TORONTO - The Canadian dollar closed higher Thursday while commodity prices ran ahead amid news that the Greece's coalition government had struck a deal on conditions that will allow it to secure a crucial, second financial bailout.
The currency gained 0.05 of a cent to 100.44 cents US.
Greece needs to get its hands on a €130-billion bailout in order to meet a key bond redemption on March 20. Failure to do so would result in a default which would send shock waves through the financial system.
But in order to get the money, the government had to agree on yet another round of tough austerity measures.
Commodity prices spiked higher on word of the Greek agreement, with the March crude contract up $1.13 to US$99.84 a barrel.
The March copper contract in New York added seven cents to US$3.97 a pound.
Prices had earlier moved lower amid data showing January inflation figures for China came in well above expectations.
Consumer prices in the world's second-largest economy rose by an unexpectedly strong 4.5 per cent annual rate, up from December's 4.1 per cent. Food prices jumped 10.5 per cent, accelerating from the previous month's 9.1 per cent rate.
The price spike could complicate the government's efforts to revive growth that slowed to a two-and-a-half-year low of 8.9 per cent in the final quarter of 2011.
Markets have been hoping that inflation would move lower, allowing Chinese leaders to loosen lending requirements and encourage growth.
China is the world's biggest consumer of copper, which has surged almost 14 per cent so far this year on hopes of higher demand for the metal that is viewed as an economic bellwether because it is used in so many businesses.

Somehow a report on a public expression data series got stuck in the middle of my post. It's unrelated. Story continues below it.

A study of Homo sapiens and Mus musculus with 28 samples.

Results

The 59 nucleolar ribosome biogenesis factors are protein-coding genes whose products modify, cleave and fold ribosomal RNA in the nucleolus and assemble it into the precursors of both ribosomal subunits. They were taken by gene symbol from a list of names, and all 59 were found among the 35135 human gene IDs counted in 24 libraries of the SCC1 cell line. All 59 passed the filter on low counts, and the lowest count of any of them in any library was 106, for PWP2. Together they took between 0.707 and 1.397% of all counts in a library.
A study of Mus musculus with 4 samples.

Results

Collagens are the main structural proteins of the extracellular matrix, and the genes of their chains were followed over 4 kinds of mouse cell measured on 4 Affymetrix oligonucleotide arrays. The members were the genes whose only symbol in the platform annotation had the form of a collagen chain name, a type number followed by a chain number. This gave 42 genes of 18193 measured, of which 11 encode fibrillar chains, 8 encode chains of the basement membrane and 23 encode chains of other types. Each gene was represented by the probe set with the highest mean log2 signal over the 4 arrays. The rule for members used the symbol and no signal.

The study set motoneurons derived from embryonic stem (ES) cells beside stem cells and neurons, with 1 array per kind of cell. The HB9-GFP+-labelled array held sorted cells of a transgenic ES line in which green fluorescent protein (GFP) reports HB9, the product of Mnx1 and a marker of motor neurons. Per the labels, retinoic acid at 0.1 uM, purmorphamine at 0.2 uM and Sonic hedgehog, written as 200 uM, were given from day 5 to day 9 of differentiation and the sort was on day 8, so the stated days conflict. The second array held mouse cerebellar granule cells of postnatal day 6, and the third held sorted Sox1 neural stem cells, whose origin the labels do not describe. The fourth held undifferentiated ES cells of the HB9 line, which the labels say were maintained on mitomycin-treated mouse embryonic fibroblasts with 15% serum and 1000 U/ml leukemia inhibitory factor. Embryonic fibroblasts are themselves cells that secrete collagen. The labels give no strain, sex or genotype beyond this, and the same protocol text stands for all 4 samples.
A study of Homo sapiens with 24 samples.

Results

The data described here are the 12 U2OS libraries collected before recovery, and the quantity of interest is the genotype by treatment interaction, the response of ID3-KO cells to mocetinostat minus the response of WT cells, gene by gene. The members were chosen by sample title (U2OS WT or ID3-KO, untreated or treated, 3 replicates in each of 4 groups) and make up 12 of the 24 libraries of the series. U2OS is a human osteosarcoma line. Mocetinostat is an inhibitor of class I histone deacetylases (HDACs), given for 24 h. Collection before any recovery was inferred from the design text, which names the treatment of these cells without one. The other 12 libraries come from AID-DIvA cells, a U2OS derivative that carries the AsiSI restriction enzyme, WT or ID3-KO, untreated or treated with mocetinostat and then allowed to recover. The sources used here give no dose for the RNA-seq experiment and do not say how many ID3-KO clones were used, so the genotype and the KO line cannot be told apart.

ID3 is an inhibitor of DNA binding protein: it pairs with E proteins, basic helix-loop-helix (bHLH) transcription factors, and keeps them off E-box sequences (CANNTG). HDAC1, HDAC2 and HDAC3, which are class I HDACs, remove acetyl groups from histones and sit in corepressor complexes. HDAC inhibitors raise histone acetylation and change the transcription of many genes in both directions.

Bullion prices also advanced with the April contract ahead $9.90 to US$1,741.20 an ounce.
Meanwhile, the European Central Bank left its benchmark interest rate unchanged at a record low one per cent on Thursday while it waits to see whether the economy needs more help. The 17 countries that use the euro are struggling with a debt crisis and likely recession.
The Bank of England also left rates unchanged but announced it would buy 50 billion pounds more in bonds to stimulate the lagging British economy. Output contracted 0.2 per cent in the fourth quarter and another quarter of shrinkage would official mean recession.
Two rate cuts by the ECB in November and December, and a massive offer of cheap credit to banks, have been given credit for helping steady financial markets and ease access to credit by indebted governments.